Omar El Akkad, author of American War, on reading and the radical act of empathy

Our guest blogger Omar El Akkad has been garnering rave reviews for his powerful, thought-provoking debut novel, American War. Set during the Second American Civil War of 2075, American War lays bare our own fractured cultural and political existence in a dystopian fantasy that rings all too true for many others struggling in war-torn places of the world. Today he shares three books you probably haven’t read, and why you should. El Akkad will be appearing on Monday, April 17 at the Elliott Bay Book Company. Catch his recent NPR Interview.

Empathy, which these days feels more and more like a radical act, has become as of late the primary criterion for inclusion in my reading list. More than beautiful writing or technical merit or imaginative flair, I find myself most urgently in need of fiction’s ability to transpose, to immerse me in the thick of strangers’ lives. In this isolationist era, run and overrun by men whose worldview relies on exclusion and deliberate unknowing, it seems an obligation to seek out writing that chronicles other cultures, other histories, other lives.

I want to tell you about three of the books I’ve read this year. All three are fairly obscure, small-press titles, all three are translations, and all three are written by authors from countries covered by the Trump administration’s various travel bans.

Sin: Selected Poems of Forugh Farrokhzad, translated by Sholeh Wolpe.
I’m sometimes reluctant to recommend poetry in translation, but what Wolpe does here with the work of Iranian modernist master Farrokhzad is mesmerizing in its own right. In her short life – she was only 32 when she died in a car accident – Farrokhzad revolutionized Iranian poetry, and suffered greatly for her trouble. Writing in the 1950s and 60s, she scandalized some segments of Iranian society with her unblinking meditations on sexuality. Many of the country’s well-established poets shunned her work. But there’s a ferocity to Farrokhzad’s poetry that has outlived her critics. My favorite of these poems, an incendiary indictment titled “O Bejeweled Realm…,” is an Iranian analog to Ginsberg’s “America,” and dangerous in a way that only fearless verse can be. I wonder what Farrokhzad would have thought of the irony of it all –fighting so hard to earn the respect she so richly deserved only to have her work banned by Iran’s Islamist government a few years after her death.

They Die Strangers by Mohammad Abdul-Wali, translated by Abubaker Bagader and Deborah Akers.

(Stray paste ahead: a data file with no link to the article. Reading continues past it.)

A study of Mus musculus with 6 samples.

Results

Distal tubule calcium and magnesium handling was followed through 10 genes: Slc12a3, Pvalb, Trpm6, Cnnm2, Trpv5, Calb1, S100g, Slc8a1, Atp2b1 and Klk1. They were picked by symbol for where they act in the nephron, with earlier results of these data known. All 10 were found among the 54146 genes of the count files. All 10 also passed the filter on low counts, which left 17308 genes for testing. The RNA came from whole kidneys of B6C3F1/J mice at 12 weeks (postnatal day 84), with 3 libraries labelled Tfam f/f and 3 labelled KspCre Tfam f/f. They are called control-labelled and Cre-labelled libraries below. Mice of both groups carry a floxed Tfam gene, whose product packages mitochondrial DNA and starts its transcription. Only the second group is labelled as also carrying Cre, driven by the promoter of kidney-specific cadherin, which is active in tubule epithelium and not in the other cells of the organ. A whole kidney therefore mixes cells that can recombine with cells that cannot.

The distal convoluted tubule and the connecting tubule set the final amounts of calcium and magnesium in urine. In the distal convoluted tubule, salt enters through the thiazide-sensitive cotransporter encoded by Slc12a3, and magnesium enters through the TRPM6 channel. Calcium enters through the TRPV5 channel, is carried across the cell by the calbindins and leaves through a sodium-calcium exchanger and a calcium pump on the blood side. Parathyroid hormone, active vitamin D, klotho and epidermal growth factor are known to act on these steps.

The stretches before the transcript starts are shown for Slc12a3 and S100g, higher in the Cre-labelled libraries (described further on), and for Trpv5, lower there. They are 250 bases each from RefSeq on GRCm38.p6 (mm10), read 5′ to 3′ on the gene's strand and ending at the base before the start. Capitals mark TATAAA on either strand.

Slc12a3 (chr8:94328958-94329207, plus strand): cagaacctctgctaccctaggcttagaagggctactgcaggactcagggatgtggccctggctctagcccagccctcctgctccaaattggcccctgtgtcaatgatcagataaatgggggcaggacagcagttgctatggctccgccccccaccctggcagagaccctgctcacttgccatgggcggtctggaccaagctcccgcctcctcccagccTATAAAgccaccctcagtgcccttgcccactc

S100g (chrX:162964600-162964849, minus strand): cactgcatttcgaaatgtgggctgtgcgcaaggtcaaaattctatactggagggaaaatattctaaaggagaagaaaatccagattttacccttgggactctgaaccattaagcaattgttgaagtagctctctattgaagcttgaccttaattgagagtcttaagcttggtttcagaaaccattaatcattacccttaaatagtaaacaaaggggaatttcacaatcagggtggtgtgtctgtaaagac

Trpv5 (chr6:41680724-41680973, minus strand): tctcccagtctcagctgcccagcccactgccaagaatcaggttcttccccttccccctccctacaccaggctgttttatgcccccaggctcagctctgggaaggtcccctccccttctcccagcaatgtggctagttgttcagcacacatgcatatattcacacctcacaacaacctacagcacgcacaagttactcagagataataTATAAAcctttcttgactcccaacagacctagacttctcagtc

This book is composed of one short story, after which the collection is named, and a dozen or so micro-stories, each only a couple of pages long. They are, for the most part, stories of exile, concerned with what it means to come from one place, live in another, and feel at home in neither. In this way, these are the stories of Abdul-Wali himself, whose background is Yemeni but who grew up the child of migrants in Ethiopia. Like Farrokhzad, he died far too young, at age 33 in a plane crash.

Many of the male characters in Abdul-Wali’s stories are boorish, and often his female characters lack agency, but there is a kind of quiet longing that imbues his work with an unexpected sensitivity. The titular story follows the life of Abdou Sa’id, a Yemeni merchant living in Ethiopia. There is a kind of aimlessness that haunts Sa’id; he wants desperately to return to his ancestral home but has been gone from it so long he fears he might not belong there anymore. They Die Strangers is a fascinating autopsy of identity, hypocrisy and that fundamentally human affliction of rootlessness.

No Knives in the Kitchens of This City by Khaled Khalifa, translated by Leri Price.
Khalifa’s saga of a single Syrian family, told over the span of more than 40 years, is the most beautiful, brilliant book I’ve read this year. It is, for many reasons, a difficult read – the author does no hand-holding, the narrative is scattered in time, and the focus shifts frequently among dozens of characters. But the result is something absolutely stunning – a plainspoken, unflinching dissection of desire in a society that fears and criminalizes desire. Khalifa’s characters, under emotional siege in a country run by a joyless, fascist government, oscillate between repression and rebellion, yearning and yielding. There is a little of Dostoyevsky crossed with Orwell here, and certainly the story of a family suffering in Aleppo will be seen by many readers in the light of the ongoing humanitarian nightmare that threatens to consume that city and so much of Syria. But this is a novel about something else entirely – about the simple human need to feel fulfilled, and the rot that sets in the soul when fulfillment is denied. No Knives in the Kitchens of this City is a difficult, sometimes brutal read, a hard book to love, but I loved it.